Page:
Advanced practice nurses can provide safe and effective primary care

Added May 9, 2020

Citation: Swan M, Ferguson S, Chang A, et al. Quality of primary care by advanced practice nurses: a systematic review. International Journal for Quality in Health Care 2015; 27(5): 396-404

What is this? The COVID-19 pandemic is placing a strain on healthcare services. Existing research on expanding the role of non-medical healthcare workers, such as advanced practice nurses (APN), in primary care may provide information to help policy makers with this.

In this systematic review, the authors searched for research that compared outcomes of care provided by physicians and APNs in equivalent primary care provider roles. They did not restrict their search by date of publication but restricted their searches to studies published in English, and did their search before June 2015. They included 7 randomized trials (10,911 patients), which were from Canada (2 studies), the Netherlands (3), UK (2) and USA (1).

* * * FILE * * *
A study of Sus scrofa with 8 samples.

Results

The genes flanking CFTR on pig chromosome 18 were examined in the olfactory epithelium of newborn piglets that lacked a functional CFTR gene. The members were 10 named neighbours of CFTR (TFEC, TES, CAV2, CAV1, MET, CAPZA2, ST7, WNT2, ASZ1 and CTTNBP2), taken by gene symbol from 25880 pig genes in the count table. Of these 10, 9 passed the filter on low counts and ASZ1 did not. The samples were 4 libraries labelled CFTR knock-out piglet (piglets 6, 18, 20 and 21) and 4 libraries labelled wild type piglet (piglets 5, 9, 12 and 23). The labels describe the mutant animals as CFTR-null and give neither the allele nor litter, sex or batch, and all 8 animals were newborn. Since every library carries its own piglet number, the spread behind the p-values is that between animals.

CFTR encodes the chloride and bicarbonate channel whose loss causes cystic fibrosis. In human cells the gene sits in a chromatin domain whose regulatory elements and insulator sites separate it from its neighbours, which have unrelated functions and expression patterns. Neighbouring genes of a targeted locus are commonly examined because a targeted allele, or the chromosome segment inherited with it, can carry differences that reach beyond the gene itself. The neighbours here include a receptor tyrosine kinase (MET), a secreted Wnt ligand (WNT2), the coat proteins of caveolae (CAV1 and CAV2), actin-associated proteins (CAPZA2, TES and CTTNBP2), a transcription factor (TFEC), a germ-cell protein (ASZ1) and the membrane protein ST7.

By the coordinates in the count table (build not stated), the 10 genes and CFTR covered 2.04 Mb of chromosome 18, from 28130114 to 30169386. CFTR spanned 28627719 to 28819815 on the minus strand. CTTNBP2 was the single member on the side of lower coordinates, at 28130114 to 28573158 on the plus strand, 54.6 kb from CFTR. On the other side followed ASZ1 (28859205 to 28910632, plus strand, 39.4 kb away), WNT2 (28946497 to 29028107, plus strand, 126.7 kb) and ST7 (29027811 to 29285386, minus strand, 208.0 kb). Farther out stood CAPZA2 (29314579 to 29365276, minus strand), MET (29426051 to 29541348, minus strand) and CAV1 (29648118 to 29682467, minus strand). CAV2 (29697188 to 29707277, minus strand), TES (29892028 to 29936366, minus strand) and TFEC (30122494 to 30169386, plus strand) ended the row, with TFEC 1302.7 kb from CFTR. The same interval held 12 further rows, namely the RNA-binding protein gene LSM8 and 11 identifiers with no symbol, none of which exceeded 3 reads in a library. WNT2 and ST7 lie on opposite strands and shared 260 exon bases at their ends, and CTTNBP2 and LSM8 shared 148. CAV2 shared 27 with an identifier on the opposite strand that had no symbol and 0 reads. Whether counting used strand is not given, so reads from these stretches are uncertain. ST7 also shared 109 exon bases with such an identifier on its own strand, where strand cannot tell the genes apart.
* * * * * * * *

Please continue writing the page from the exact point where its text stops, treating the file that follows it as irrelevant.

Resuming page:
What was found: Advanced practice nurses, compared to physicians, were equal or better for some physiological measures (including blood pressure and blood lipid levels), patient satisfaction and cost; and were found to be safe in providing primary care.

Patient consultations with advanced practice nurses were generally longer than those with physicians.

The long-term outcomes of care provided by advanced practice nurses are uncertain.

 

Disclaimer: This summary has been written by staff and volunteers of Evidence Aid in order to make the content of the original document accessible to decision makers who are searching for the available evidence on the coronavirus (COVID-19) but may not have the time, initially, to read the original report in full. This summary is not intended as a substitute for the medical advice of physicians, other health workers, professional associations, guideline developers, or national governments and international agencies. If readers of this summary think that the evidence that is presented within it is relevant to their decision-making they should refer to the content and details of the original article, and the advice and guidelines offered by other sources of expertise, before making decisions. Evidence Aid cannot be held responsible for any decisions made about the coronavirus (COVID-19) on the basis of this summary alone.